Saturday, November 10, 2007
Around here we love our grill. What a great way to cook meat. Honestly, if it weren’t for our grill – a little cast iron kettle-style job – we probably would be vegetarians. Well, almost vegetarians.
What makes grilling so fantastic (besides being a low-fat cooking method that just happens to keep the house cool in the summer months and lets you keep an eye on the kids playing outside as you simultaneously knock out dinner) is the infinite flavor possibilities present when you learn how to marinate meat. Experimenting with fresh herbs, fruit juices, vinegars, oils, and a plethora of aromatics, condiments and spices is the part we look forward to most.
And we’re such grill nerds that we eagerly look forward to that first slice of still-warm meat that’s resting on the cutting board after a stint on the grill. Will the gentle acid of pineapple juice be enough to tenderize the meat? Did the hint of fresh oregano disappear into the tang of lemon zest? Were the coals hot enough to sear off the fat leaving lean, tender flesh behind without charring? Only that first bite will tell…
Sometimes, the next day there isn't enough leftover meat to make it fair for one or the other of us to eat it without feeling guilty. Especially if it was a particularly good marinade, cut of meat or grilling job. That was the case with this one lonely lamb shoulder chop. Michael made the marinade this time and described it as “a light jerk.” I have no idea what all went into it, but it was delicious. Today, however there was only one lonely lamb chop left and it would’ve been wrong of me to eat it in Michael’s absence. What to do? Make “stoupili” – my silly word for soup-stew-chili dishes.
I actually bought the lamb to make a stew, so I went ahead with my plans knowing that the lamb now had a delicious smokiness to it from being grilled and just the hint of spice from the marinade.
That inspired me to make some Crispy Curry Chickpeas to adorn the stew, which has a light yet rich tomato broth, given depth from the shortcut of caramelizing just a couple of spoonfuls of jarred spaghetti sauce (something that’s always in my fridge).
Some staple veggies went into building the base of the sauce as well, you know… carrots, onions, garlic. And at the end, for freshness’ sake I threw in a scant amount of thinly sliced kale leaves and a thickly cut zucchini. When it comes to adding zucchini to soups, sauces and the like, I like to add it toward the end and cut it larger than the other ingredients because few things are less appetizing than wimpy, slimy overcooked squash. Ew.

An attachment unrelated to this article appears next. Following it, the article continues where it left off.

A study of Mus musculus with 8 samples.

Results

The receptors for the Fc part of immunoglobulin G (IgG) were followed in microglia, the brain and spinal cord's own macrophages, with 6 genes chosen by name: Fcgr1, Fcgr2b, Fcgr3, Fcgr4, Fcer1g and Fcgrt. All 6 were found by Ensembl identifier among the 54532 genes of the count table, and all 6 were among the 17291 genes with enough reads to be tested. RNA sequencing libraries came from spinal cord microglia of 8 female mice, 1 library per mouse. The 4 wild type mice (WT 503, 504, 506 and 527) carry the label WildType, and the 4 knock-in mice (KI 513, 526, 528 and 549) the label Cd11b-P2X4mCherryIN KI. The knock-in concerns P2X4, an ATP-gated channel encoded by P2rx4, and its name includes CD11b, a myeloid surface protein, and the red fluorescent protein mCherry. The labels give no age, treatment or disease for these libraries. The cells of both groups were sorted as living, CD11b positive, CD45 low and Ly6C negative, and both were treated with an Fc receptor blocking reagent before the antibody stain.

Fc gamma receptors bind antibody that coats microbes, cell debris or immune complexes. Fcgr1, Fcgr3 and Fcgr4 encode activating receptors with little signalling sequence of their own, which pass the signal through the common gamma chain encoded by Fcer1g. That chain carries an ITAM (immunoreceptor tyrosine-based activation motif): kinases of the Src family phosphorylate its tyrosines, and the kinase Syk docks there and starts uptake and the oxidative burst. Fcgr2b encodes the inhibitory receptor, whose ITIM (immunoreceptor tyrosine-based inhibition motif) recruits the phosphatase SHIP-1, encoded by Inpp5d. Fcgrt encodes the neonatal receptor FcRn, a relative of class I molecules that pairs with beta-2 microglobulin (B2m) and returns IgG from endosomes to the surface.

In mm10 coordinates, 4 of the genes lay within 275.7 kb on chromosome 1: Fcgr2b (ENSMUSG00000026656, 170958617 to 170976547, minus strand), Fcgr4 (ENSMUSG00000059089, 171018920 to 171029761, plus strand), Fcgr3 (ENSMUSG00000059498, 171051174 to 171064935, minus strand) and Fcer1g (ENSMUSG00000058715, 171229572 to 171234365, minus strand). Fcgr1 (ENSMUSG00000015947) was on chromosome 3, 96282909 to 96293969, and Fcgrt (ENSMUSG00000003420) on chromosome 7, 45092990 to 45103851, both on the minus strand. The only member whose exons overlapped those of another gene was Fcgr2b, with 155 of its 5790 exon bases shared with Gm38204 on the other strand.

With only one cup of water added to this stew, it’s another thick and hearty batch of goodness, but with distinct, clean flavors, thanks to the addition of fresh rosemary and the short cooking time – from first slice to plate up it probably took me 30-45 minutes and that’s because I was ad-libbing, I’m a slow improviser. The body and depth of the shortcut tomato broth really compliments the smoky grilled flavor of the lamb.
Serve with a nice earthy grain like bulgur or brown rice and this is one solid meal that is low in fat, particularly if you are moderate with the Crispy Curry Chickpeas.
Grilled Lamb in Rosemary-Tomato Broth
1 yellow onion, small dice
1 medium carrot, small dice
1 healthy sprig rosemary, stemmed and finely chopped
3 cloves garlic, minced
1 roma tomato, diced with juices
2-3 Tbsp spaghetti sauce
1 cup water
1 ½-2 loose cups cooked, diced lamb
2 large kale leaves, ribs removed, sliced into thin ribbons (chiffonade)
1 zucchini, medium dice (to retain firmness when cooked)
Sauté onion with carrot until onion starts to become translucent. Add rosemary and garlic and cook until garlic is tender. Add tomatoes and spaghetti sauce and cook until the mixture begins to caramelize slightly. Add water and lamb. Season with a little salt and pepper and let simmer for 15 minutes. Add kale and zucchini and cook 10 more minutes. Serve with brown rice or cooked bulgur and top with generous amount of Crispy Curry Chickpeas.
Crispy Curry Chick Peas
1 can chick peas, rinsed and dry
crushed red pepper
Heat 2-3 Tbsp vegetable oil over med-high heat. CAREFULLY add the chickpeas (any residual moisture will make the hot oil splatter) and the spices. Fry the chickpeas until crispy being careful not to burn them. It should take 5-10 minutes. Drain on a paper towel and season with salt while still hot. These make a great snack. Salty and crispy like nuts, but with a spicy warmth and peppery kick!